Differences between responses are not actually determined by ICMP itself but rather indirectly.
ICMP can distingush between the following:
0 = net unreachable;
1 = host unreachable;
2 = protocol unreachable;
3 = port unreachable;
4 = fragmentation needed and DF set;
5 = source route failed.
But it does so with other network resources. Codes 0, 1, 4, and 5 may be received from a gateway. Codes 2 and 3 may be received from a host.
If, according to the information in the gateway's routing tables, destination network is unreachable, (e.g., the distance to the network is infinity), the gateway may send a destination unreachable message to the internet source host of the datagram. In addition, in some networks, the gateway may be able to determine if the internet destination host is unreachable. It is the Gateways in these networks that can send destination unreachable messages to the source host when the destination host is unreachable, so it's not actually ICMP doing the determinations.
In the case that in the destination host, the IP module cannot deliver the datagram because the indicated protocol module or process port is not active, then the destination host may send a 'destination unreachable' message to the source host.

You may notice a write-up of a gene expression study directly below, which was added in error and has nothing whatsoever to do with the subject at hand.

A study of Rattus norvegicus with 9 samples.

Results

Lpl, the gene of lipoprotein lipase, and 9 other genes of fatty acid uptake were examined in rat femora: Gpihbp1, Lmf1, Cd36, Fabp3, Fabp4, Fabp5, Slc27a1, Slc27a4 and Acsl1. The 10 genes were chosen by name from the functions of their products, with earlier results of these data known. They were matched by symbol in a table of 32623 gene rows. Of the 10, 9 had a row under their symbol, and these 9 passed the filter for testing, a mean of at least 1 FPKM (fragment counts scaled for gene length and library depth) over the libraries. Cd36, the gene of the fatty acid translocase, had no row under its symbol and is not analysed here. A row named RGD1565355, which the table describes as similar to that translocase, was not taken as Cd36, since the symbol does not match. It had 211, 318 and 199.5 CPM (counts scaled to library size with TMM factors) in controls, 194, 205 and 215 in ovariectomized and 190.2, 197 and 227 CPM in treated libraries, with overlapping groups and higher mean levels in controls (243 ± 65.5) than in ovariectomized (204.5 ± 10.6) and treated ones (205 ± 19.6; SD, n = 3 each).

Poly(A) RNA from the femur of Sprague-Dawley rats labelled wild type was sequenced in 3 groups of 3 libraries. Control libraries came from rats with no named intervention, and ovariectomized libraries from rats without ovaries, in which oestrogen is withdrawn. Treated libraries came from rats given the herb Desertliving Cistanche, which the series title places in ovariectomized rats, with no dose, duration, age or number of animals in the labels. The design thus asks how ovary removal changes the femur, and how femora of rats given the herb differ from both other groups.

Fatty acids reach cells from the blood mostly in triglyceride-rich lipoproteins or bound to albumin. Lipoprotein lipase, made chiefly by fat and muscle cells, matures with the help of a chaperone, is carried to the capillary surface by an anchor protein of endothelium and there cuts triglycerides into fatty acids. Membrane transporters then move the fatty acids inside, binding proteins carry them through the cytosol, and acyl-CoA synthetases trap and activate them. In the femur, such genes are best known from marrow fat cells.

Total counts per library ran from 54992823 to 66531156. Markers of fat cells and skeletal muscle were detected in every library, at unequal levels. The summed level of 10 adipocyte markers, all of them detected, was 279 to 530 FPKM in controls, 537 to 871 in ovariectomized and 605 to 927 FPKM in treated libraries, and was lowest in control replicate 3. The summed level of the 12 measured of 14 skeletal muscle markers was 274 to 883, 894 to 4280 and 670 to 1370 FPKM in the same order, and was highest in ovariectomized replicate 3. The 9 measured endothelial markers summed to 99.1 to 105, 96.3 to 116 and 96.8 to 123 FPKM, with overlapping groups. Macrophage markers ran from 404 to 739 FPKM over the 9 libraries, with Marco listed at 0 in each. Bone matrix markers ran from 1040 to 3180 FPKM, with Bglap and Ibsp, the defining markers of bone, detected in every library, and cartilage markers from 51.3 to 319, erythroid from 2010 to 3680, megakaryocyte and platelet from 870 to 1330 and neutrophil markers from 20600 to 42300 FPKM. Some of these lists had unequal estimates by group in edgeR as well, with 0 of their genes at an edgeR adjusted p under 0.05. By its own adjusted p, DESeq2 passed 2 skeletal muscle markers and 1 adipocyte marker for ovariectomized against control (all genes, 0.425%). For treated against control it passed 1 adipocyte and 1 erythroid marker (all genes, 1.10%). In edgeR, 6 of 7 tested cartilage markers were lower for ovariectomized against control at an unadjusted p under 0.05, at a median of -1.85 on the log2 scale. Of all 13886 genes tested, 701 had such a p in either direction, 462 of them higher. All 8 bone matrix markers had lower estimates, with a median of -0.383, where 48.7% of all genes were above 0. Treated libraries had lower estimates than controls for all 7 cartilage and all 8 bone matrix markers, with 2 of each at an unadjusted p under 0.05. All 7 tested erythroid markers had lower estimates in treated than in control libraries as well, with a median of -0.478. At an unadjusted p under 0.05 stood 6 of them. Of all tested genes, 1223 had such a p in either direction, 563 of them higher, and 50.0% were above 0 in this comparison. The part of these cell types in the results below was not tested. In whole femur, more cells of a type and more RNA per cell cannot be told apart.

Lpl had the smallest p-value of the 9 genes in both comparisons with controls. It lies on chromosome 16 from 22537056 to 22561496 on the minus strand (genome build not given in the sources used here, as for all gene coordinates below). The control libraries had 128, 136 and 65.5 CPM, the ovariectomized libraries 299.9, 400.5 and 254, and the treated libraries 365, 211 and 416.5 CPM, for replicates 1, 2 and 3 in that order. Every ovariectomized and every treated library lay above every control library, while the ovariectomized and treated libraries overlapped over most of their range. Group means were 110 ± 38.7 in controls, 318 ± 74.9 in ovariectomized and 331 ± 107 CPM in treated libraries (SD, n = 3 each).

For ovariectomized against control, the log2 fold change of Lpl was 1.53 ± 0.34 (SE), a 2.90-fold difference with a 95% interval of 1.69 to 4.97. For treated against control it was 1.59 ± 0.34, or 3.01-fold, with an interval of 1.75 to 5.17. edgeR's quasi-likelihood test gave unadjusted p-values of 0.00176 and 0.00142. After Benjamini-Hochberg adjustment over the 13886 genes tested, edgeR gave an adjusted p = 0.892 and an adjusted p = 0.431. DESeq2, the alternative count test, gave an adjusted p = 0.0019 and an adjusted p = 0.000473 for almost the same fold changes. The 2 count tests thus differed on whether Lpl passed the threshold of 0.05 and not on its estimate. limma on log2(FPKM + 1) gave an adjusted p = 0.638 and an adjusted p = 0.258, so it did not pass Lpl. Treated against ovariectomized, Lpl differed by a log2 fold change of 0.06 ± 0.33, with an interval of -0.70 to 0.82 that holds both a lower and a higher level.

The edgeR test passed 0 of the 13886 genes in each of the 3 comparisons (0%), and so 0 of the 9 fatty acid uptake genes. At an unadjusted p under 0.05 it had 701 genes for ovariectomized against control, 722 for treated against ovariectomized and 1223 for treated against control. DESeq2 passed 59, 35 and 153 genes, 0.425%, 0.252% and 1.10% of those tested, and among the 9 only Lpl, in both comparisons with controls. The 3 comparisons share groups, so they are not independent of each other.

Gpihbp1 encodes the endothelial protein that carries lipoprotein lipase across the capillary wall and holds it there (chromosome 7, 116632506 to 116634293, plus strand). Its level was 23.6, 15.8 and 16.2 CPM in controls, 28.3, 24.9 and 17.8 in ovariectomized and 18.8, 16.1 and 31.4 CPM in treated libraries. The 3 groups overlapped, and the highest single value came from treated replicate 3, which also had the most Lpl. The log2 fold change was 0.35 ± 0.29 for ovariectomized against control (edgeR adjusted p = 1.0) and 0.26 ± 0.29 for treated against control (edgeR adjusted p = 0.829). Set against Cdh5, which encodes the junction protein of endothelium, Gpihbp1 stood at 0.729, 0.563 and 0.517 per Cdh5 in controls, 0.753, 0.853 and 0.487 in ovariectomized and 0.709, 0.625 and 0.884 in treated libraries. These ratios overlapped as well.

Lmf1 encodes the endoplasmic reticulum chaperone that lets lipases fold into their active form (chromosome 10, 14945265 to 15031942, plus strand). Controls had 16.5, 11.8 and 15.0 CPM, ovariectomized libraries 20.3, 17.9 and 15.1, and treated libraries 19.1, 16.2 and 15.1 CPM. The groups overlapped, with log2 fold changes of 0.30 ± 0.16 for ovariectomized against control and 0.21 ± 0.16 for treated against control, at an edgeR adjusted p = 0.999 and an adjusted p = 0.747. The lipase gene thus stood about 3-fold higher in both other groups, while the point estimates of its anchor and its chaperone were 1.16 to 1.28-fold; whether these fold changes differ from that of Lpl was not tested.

Finally, if a datagram must be fragmented to be forwarded by a gateway yet the 'Do not Fragment' flag is on, the gateway will discard the datagram and will return a 'destination unreachable' message.
Now to difference between the 2 separate cases: Request Timed Out means that no Echo Reply messages were received within the set time. This can be due to many different causes: ARP request failure, network congestion, packet filtering, routing error, or a even silent discard.
When you get a Reply From [IP address]: 'Destination Host Unreachable,' then the problem occurred at/after a remote router, whose address is indicated by the [IP address]. So it's a router telling you that there is a problem between it and the destination address.